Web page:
LAHAINA, Hawaii — Federal officials sent a mobile morgue with coroners, pathologists and technicians to Hawaii to help identify the dead, as Maui County released the first names of people killed in the wildfire that all but incinerated the historic town of Lahaina a week ago and killed at least 106 people.
A week after the fires started, some residents still had with intermittent power, unreliable cellphone service and uncertainty over where to get assistance.
Some people walked periodically to a seawall, where phone connections were strongest, to make calls. Flying low off the coast, a single-prop airplane used a loudspeaker to blare information about where to get water and supplies.
Just two victims have been named so far, while the county said it has identified three more and will release the names after notifying the next of kin.
“It’s going to be a very, very difficult mission,” U.S. Department of Health and Human Services deputy assistant secretary Jonathan Greene said. “And patience will be incredibly important because of the number of victims.”
A portable morgue unit arrived Tuesday morning with more than 22 tons of supplies and equipment needed for victim identification and processing remains, such as mortuary examination tables and X-ray units.
Crews using cadaver dogs have scoured about 32% of the area, the County of Maui said in a statement Tuesday. The governor asked for patience as authorities became overwhelmed with requests to visit the burn area.
Maui Police Chief John Pelletier renewed an appeal for families with missing relatives to provide DNA samples. So far 41 samples have been submitted, the county statement said, and 13 DNA profiles have been obtained from remains.
The governor warned that scores more bodies could be found. The wildfires, some of which have not yet been fully contained, are already the deadliest in the U.S. in more than a century.
When asked by Hawaii News Now if children are among the missing, Green said Tuesday: “Tragically, yes. … When the bodies are smaller, we know it’s a child.”
He described some of the sites being searched as “too much to share or see from just a human perspective.”
Another complicating factor, Green said, is that storms with rain and high winds were forecast for the weekend. Officials are mulling whether to “preemptively power down or not for a short period of time, because right now all of the infrastructure is weaker.”
The local power utility has already faced criticism for not shutting off power as strong winds buffeted a parched area under high risk for fire. It’s not clear whether the utility’s equipment played any role in igniting the flames.
Hawaiian Electric Co. Inc. President and CEO Shelee Kimura said many factors go into a decision to cut power, including the impact on people who rely on specialized medical equipment and concerns that a shutoff in the fire area would have knocked out water pumps.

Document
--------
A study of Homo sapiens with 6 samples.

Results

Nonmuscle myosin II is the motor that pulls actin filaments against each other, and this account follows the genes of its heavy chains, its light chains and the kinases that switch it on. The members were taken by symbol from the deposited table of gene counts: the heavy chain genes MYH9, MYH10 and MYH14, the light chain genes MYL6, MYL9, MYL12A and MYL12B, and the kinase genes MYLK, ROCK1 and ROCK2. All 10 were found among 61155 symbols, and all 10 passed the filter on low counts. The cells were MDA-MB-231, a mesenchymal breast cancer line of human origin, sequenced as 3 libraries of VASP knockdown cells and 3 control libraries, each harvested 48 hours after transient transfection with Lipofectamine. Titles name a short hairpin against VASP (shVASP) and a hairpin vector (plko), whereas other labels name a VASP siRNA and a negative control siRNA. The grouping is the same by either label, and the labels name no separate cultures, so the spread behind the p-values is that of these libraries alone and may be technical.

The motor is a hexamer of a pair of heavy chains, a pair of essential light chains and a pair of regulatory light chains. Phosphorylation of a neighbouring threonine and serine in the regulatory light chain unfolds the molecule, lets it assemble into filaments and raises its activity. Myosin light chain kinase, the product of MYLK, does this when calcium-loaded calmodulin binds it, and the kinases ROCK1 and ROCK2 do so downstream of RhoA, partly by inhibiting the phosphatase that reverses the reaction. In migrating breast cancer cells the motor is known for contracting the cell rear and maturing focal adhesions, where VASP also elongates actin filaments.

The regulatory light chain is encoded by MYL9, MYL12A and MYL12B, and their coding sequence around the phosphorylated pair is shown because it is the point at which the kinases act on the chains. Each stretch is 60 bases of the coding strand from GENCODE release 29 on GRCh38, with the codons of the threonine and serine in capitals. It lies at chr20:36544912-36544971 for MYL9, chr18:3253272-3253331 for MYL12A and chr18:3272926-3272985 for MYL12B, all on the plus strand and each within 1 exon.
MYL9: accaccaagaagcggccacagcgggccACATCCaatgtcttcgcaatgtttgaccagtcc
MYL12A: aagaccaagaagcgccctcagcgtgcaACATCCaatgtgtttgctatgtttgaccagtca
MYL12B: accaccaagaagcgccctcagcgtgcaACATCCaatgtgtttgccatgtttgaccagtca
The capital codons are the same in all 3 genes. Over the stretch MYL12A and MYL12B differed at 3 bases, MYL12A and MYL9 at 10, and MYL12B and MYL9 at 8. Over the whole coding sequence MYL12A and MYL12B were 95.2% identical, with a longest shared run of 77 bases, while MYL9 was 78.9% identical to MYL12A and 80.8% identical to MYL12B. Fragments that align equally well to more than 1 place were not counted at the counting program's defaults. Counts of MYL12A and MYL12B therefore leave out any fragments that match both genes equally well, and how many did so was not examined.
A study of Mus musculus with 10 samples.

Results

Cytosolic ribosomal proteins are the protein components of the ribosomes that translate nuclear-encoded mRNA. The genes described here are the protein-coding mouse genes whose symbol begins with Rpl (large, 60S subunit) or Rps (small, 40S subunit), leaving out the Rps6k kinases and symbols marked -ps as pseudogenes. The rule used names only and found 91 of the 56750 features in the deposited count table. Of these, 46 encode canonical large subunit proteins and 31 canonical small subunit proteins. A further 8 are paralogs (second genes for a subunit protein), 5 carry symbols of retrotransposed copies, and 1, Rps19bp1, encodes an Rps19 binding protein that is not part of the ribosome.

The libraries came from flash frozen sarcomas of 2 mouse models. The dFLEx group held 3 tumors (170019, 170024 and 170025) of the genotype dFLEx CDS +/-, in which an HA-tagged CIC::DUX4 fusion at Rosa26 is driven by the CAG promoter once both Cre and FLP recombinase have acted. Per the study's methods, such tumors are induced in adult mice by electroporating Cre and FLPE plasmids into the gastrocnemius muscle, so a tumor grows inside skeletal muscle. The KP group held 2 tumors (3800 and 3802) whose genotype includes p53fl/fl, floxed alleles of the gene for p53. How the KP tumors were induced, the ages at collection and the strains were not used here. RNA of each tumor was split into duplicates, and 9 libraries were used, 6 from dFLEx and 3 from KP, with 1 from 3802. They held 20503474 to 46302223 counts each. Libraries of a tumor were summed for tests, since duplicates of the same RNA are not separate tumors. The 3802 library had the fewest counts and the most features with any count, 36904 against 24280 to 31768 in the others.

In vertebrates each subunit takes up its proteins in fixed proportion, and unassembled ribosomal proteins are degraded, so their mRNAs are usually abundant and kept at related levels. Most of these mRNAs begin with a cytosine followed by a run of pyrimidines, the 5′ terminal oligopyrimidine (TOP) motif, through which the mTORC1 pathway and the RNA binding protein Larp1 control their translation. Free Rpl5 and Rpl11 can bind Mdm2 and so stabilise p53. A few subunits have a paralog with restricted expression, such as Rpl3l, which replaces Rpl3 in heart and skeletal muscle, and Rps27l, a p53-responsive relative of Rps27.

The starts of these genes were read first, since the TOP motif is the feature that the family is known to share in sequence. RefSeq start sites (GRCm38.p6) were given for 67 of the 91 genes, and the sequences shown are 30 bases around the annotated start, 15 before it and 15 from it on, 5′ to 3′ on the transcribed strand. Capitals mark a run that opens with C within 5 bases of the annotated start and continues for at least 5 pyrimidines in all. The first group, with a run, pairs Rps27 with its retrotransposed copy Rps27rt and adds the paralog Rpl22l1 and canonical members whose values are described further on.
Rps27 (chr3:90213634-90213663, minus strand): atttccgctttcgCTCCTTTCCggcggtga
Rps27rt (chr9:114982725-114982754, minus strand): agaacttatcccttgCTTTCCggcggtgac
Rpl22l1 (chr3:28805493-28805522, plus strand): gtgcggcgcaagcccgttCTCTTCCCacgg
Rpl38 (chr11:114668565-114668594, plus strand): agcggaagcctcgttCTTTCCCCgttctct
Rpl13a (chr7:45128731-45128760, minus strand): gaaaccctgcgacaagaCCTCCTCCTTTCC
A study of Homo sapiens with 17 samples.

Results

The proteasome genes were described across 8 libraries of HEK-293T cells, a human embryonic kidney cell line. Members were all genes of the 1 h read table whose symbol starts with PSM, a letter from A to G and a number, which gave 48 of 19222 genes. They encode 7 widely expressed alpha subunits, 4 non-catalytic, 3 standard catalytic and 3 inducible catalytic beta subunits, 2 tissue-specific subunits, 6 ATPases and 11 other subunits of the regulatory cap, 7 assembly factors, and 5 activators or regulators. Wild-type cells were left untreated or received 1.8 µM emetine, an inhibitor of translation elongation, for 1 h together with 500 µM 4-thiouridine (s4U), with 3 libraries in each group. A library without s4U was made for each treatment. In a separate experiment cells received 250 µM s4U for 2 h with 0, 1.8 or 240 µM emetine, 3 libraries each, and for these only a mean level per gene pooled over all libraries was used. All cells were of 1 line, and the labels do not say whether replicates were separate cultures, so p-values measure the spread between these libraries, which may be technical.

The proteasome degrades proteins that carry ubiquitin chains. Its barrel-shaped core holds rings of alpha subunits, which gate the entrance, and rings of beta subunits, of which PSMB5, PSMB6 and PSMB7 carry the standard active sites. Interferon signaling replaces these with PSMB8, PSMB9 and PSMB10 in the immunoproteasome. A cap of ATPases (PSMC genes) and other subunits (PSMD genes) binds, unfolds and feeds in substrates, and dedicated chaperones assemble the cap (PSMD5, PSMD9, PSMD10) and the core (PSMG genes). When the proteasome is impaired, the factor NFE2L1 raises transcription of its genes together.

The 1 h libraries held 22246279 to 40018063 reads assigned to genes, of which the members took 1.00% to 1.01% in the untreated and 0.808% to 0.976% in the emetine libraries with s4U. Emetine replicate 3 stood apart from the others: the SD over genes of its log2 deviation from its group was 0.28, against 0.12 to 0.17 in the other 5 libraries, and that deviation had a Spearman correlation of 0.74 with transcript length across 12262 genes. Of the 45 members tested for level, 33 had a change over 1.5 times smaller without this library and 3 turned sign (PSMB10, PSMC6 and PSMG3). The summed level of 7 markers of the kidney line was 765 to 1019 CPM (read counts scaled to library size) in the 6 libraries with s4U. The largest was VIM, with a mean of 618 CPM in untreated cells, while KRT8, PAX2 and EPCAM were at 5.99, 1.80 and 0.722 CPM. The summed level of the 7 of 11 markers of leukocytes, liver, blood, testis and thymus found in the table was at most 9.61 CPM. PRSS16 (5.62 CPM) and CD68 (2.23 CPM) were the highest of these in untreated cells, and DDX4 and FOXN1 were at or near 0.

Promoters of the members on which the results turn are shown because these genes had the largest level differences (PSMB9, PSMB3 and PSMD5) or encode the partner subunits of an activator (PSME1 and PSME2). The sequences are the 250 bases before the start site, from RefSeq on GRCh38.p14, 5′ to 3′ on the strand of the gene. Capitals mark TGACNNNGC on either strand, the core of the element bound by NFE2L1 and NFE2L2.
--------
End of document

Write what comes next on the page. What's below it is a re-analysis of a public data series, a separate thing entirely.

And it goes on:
Green has said the flames raced as fast as a mile (1.6 kilometers) every minute in one area, fueled by dry grass and propelled by strong winds from a passing hurricane.
The blaze that swept into centuries-old Lahaina last week destroyed nearly every building in the town of 13,000. That fire has been 85% contained, according to the county. Another blaze known as the Upcountry fire was 75% contained as of Tuesday evening.
The Lahaina fire caused about $3.2 billion in insured property losses, according to calculations by Karen Clark & Company, a prominent disaster and risk modeling company. That doesn’t count damage to uninsured property. The firm said more than 2,200 buildings were damaged or destroyed by flames, with about 3,000 damaged by fire or smoke or both.
Even where the flames have retreated, authorities have warned that toxic byproducts may remain, including in drinking water, after the flames spewed poisonous fumes. That has left many unable to return home.
Victoria Martocci, who lost her scuba business and a boat, planned to travel to her storage unit in Kahalui from her Kahana home Wednesday to stash documents and keepsakes given to her by a friend whose house burned. “These are things she grabbed, the only things she could grab, and I want to keep them safe for her,” Martocci said.
President Joe Biden said Tuesday that he and first lady Jill Biden would visit Hawaii “as soon as we can” but he doesn’t want his presence to interrupt recovery and cleanup efforts. During a stop in Milwaukee to highlight his economic agenda, Biden pledged that “every asset they need will be there for them.”
The two victims identified were Lahaina residents Robert Dyckman, 74, and Buddy Jantoc, 79.
Lahaina resident Kekoa Lansford helped rescue people as the flames swept through town. Now he is collecting stories from survivors, hoping to create a timeline of what happened. He has 170 emails so far.
The scene was haunting. “Horrible, horrible,” Lansford said Tuesday. “You ever seen hell in the movies? That is what it looked like. Fire everywhere. Dead people.”
Kelleher reported from Honolulu and Weber from Los Angeles. Associated Press journalists Bobby Caina Calvan in Kihei, Hawaii; Haven Daley in Kalapua, Hawaii; Kathy McCormack in Concord, New Hampshire; Heather Hollingsworth in Kansas City, Missouri; and Darlene Superville and Seth Borenstein in Washington contributed.